Having been a teacher myself, I’m not over keen on criticising others in my profession, but as the victim of the inadequacies apparent in the staff at Xavs in the 60s, I feel in a position to objectively pass comment. The recruitment policy, if there was one, was to play ultra safe… no women, no young inspirational firebrands… stick to middle aged white males, regardless of any ability to communicate. Mr CROTTY was one such member of staff. As noted by Bob, his methods were somewhat unorthodox. He would set a task… draw a map / copy from the blackboard or a book / dictate notes… then sit down and read The Times. When the inevitable noise broke out, he would walk the aisles between desks striking the heads of any boy who wasn’t bent over his book. He carried a ruler not only for striking purposes, but to actually measure the distance of head from book… 12″ was the recommended gap!
The rumour was that Crotty was suffering shell shock, but whatever the cause of his inability to teach… he just shouldn’t have been there… for his sake, or for ours. By year two we were fed up with his methods and delighted in taunting him. As he patrolled one side of the class, the opposite rows would sit bolt upright… Crotty would race across, ruler in hand only to discover on arrival that both rows had now got noses touching desks… meanwhile back in the other two rows, all were sitting up … this game would then continue for the whole of the lesson like some real life version of whack-a-mole.
In that second year, our form room was closest to the playing field and all the paraphernalia used for the Summer Show was temporarily stored there… including multiple sets of darts! Several targets were chalked onto the blackboard and every boy had at least one dart… Crotty arrived, saw the targets, turned his back on the class to erase them and on the shout of NOW, the blackboard was peppered with a blitz of darts. By the time he had turned round, every head was nose to desk… somehow that position of submission seemed to render the adopter immune to any form of punishment.
Another incident, this time in year 5, comes to mind… Crotty hadn’t changed but we were a lot more adventurous in our methods of disruption. By now he was regularly 5 minutes late in arriving for lessons which gave us a chance to be more creative. It was a hot Summer’s day and the windows were open… there were building works taking place on the new science block behind the classroom, so lots of building materials were to hand. We hauled in several lengths of scaffolding along with dozens of bricks and distributed them around the room at desk height… which cut the desks off from the front and blocked access to the aisles… all the boys along the back row then lit up and were billowing out smoke when Crotty entered the room. Incredibly, he didn’t appear to notice that anything was amiss and continued to deliver his lesson amid total mayhem…. Somehow, incredibly, maybe because I loved drawing maps with a fine nibbed pen and inks… I was one of the very few to pass Geography O Level.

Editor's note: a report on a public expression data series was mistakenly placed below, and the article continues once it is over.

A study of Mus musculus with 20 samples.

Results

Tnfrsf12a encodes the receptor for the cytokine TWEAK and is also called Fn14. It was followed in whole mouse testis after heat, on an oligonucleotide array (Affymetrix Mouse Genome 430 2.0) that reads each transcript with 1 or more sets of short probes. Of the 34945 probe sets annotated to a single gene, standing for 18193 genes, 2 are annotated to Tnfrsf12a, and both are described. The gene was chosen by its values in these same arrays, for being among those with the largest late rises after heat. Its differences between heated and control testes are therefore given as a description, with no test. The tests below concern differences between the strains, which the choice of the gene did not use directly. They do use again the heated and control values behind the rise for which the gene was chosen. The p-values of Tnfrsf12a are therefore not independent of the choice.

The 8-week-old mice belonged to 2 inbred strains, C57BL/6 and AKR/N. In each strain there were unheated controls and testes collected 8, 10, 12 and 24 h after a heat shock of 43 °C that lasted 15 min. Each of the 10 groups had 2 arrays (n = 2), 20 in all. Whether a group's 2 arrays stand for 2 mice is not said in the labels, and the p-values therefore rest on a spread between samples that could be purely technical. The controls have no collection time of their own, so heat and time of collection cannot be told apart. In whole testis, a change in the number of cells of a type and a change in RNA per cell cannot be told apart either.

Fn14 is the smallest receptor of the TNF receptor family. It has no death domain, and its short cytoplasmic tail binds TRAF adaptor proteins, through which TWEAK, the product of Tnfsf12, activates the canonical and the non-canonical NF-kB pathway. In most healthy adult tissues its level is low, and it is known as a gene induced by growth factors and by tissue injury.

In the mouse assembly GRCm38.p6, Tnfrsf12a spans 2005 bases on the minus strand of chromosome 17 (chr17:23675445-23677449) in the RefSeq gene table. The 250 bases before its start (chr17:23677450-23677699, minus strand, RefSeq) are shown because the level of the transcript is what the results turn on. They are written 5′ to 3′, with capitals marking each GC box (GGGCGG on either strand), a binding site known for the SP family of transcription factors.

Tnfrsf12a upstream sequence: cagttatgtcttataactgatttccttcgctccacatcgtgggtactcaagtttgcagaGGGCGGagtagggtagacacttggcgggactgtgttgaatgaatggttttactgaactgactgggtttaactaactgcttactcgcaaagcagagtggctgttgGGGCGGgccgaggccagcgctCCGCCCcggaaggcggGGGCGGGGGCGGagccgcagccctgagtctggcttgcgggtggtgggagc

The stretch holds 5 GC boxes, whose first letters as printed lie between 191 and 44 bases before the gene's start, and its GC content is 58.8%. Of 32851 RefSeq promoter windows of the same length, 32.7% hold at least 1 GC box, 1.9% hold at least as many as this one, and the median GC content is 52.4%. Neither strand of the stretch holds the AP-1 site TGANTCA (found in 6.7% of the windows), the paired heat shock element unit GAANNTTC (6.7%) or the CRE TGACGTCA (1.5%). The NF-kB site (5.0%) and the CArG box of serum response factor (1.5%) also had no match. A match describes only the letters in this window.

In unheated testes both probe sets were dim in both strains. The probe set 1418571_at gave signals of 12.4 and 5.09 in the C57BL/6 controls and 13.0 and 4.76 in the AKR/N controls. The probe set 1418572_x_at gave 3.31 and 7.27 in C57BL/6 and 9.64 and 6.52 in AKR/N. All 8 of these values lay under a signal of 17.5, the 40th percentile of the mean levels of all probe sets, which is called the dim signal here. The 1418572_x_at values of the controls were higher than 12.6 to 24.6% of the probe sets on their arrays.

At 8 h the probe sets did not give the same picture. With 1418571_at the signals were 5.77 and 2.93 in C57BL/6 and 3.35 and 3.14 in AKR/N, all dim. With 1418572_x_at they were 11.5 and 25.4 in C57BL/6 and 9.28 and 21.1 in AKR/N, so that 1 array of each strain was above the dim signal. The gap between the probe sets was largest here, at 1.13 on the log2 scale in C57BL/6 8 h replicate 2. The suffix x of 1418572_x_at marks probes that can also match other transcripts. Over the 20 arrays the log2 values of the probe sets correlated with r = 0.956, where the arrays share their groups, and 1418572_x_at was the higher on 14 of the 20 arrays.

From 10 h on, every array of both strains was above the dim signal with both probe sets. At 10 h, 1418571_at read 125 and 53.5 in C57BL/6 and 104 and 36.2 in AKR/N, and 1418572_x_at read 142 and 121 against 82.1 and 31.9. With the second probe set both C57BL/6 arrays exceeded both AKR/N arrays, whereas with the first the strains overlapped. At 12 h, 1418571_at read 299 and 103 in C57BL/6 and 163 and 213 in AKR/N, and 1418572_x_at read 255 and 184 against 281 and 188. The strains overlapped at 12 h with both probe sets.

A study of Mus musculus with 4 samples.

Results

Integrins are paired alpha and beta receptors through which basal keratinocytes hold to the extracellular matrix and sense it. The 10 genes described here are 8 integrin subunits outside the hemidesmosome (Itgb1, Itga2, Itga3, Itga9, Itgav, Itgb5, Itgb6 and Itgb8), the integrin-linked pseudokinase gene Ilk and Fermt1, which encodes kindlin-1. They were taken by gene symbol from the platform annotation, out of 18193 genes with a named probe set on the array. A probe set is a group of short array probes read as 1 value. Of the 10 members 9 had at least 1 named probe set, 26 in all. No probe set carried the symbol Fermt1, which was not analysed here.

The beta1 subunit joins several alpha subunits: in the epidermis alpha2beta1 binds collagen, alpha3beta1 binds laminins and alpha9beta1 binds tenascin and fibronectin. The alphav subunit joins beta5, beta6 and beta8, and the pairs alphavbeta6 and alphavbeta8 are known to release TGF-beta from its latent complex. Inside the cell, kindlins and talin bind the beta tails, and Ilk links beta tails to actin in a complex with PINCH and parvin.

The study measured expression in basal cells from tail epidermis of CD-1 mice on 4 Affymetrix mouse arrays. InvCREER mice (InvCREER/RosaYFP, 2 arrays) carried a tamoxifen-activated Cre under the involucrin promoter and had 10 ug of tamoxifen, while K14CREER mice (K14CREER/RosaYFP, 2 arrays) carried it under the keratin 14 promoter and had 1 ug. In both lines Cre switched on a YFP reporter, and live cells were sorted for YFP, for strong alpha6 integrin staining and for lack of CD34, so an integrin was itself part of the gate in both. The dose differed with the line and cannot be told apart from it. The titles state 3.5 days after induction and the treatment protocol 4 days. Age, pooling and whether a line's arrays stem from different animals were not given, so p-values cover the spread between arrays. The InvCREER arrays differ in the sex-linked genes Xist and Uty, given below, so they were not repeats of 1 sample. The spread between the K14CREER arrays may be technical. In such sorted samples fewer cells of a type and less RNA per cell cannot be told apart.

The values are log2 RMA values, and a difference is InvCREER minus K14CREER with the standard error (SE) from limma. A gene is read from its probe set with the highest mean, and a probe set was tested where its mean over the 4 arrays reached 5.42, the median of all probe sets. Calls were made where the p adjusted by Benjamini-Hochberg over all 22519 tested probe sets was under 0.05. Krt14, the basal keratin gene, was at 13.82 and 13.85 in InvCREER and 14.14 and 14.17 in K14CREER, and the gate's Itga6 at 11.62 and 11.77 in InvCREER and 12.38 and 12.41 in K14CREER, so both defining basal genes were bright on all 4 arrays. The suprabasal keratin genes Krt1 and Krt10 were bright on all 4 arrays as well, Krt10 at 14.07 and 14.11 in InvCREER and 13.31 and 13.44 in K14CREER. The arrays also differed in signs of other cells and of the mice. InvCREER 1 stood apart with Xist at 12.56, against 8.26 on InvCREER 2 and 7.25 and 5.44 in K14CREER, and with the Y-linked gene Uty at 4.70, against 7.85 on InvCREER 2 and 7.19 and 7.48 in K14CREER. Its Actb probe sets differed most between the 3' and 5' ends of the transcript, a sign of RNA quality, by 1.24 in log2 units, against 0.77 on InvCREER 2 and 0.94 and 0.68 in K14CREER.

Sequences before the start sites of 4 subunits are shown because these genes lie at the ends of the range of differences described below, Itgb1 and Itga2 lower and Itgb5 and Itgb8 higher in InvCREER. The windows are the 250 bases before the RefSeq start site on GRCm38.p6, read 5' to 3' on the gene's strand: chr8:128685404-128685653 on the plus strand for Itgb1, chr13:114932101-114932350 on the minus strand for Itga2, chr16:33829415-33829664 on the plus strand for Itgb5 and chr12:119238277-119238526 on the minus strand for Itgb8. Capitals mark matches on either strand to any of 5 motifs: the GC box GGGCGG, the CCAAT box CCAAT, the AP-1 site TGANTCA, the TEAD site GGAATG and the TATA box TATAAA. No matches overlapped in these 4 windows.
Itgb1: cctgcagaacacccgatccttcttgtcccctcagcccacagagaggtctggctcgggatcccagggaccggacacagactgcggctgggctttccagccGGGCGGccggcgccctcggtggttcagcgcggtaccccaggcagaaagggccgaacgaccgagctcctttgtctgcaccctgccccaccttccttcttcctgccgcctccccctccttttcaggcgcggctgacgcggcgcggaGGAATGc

4 thoughts on “Jim Phelan remembers Mr Crotty”
Brilliant, Jim. Our class was just as chaotic. I seem to remember Mr Crotty’s idea of homework was to set us passages to copy verbatim from a textbook. Also, that his handwriting was easy to forge, so we all got high marks. He would collect our exercise books in for end of year reports and accept our own marks. Not surprising that our parents and his colleagues might have thought we were doing ok in geography but 29 out of 32 failed O level dismally.
I was one of the ones who failed Geography with Crotty whose teaching was non existent. There was one class who pranked him by putting books under one end of those old double wooden desks, tilted the pictures at the end of the room, all sat sideways and awaited his arrival in an early morning class , knowing that he had the occasional tipple the night before. He entered, blinked and sat down with head in hands . Students asked him ‘ Are you ok Sir ? ‘ ‘ Can I get a glass of water for you ? ‘ A well worked prank.
Regards to all Tom Derbyshire in Oz Remember you John !
It is a fact that Bernard Crotty had shell shock. He had served in the North African desert. That doesn’t excuse his employment. Strangely he had a “thing” about the Atlas Mountains which formed much of his teaching in Ward Hall.
Mr. Crotty was my first form teacher and I had him for Geography thought my first 5 years. I remember an incident or two….in Upper Four Two, McKeown….I can’t remember his first name, lit up a fag at the back of the room. He had opened a window so that when Crotty “thought” he could smell smoke we all said “no sir it’s coming from outside”.
Another time someone in the front row grabbed his briefcase and passed it round the classroom surreptitiously and almost went crazy wondering where he’d left it.